The price of shipping containers from Asia to Europe and North America remains high but should start to fall in the new year, although material price drops won’t occur in earnest until 2023 when new capacity is brought online.

That additional capacity, however, may be offset by new International Maritime Organisation (IMO) rules to address the industry’s emissions.

That was the view of industry experts who attended a UK Parliamentary Committee on International Trade as well as shipping analysts PV Tech Premium spoke to on the issue.

Spot rates for containers from Asia to Europe are up around 366% in a year, according to Michelle Wiese Bockmann, markets editor at Lloyd’s List who gave evidence to the parliamentary committee. Longer term contracts for the same route were up by around 465%, she added. This has placed upward pressure on modules prices shipped from China to the US and Europe.

Meanwhile, the cost of leasing vessels and hiring charter vessels has soared lockstep with traditional container line prices. Bockmann said the industry was paying five times more for a “clapped-out” old ship than it was a year ago, while short distance charter vessels were charging US$250,000, up from US$25,000 last year.

Source: Drewry Shipping Consultants via World Shipping Council

The state of play was similar last time PV Tech Premium gave a shipping update but, importantly, Bockmann said that long term contracts being negotiated now were also 400% higher than they were a year ago.

George Griffiths, global pricing specialist at S&P Global Platts, said this could be read in two ways. Either the sustained high prices could be a signal that shipping companies don’t expect prices to come down anytime soon or they predict that upcoming capacity additions will drive down prices and therefore want to lock in lucrative contracts.

While there is some ambiguity about the extent to which prices will drop in 2022, the industry is certain that a substantial amount of extra capacity is to come online in 2023, resulting in lower prices. According to Bockmann, 270 new vessels are set to come online in 2023. Griffith believed it could be higher than that – closer to 400 perhaps – but added that at least an additional 20% of the capacity of the current global fleet is scheduled to come online.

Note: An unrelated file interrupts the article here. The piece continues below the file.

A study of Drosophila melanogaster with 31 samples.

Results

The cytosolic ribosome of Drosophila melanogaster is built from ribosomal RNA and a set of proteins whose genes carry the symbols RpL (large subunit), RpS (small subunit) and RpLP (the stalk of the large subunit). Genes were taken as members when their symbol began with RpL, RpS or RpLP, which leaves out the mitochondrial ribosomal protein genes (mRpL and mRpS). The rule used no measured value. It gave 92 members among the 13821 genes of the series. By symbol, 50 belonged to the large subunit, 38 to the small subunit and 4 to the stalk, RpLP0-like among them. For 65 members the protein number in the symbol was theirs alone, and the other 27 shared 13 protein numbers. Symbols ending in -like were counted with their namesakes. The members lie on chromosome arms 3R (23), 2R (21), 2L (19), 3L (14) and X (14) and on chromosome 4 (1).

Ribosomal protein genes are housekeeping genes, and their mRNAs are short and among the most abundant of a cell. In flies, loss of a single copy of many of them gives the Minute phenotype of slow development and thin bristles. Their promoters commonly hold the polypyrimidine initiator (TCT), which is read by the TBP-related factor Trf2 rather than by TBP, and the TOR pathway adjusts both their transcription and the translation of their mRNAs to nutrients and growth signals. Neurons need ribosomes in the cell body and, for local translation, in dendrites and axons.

That said, such capacity additions may be offset by new regulations affecting sea freight that are being brought in by the IMO in an attempt to lower carbon emissions from the shipping industry, which currently accounts for 3% of global emissions.

One crucial part of these new regulations is taxing older, more polluting ships, with the money used for carbon offsetting schemes. The industry will likely respond by reducing the speed of some of its older vessels, rather than scrap them, which would in turn reduce emissions. However, this would also lead to slower turnaround times for deliveries, congest waterways and therefore limit the impact of those 2023 capacity additions, said Griffiths.  

“New international regulations coming out in 2023 may see the sailing speed of some vessels reduced in order to meet emission standards, which again can lead to less capacity because you have more ships on the same route sailing,” explained Bockmann, adding that the precise balance between speed reductions and the scrapping of older vessels was unknown.

In short, 2022 doesn’t look any rosier when it comes to shipping costs. Prices should start to come down, but the real drops won’t be for another year. Companies trying to lock in long term contracts are between a rock and a hard place: ensure supply or get overcharged as prices do come down. And even short-term chartered vessels are charging astronomical rates.

Both Griffith and Bockmann pointed to a bleak past decade for the shipping industry, with some companies turning loses year after year. They said container liners are forecast to make US$250 billion profit this year alone after years of loses, meaning there is very little appetite for change, and prices certainly won’t come down to pre-Covid levels for a very long time, if at all.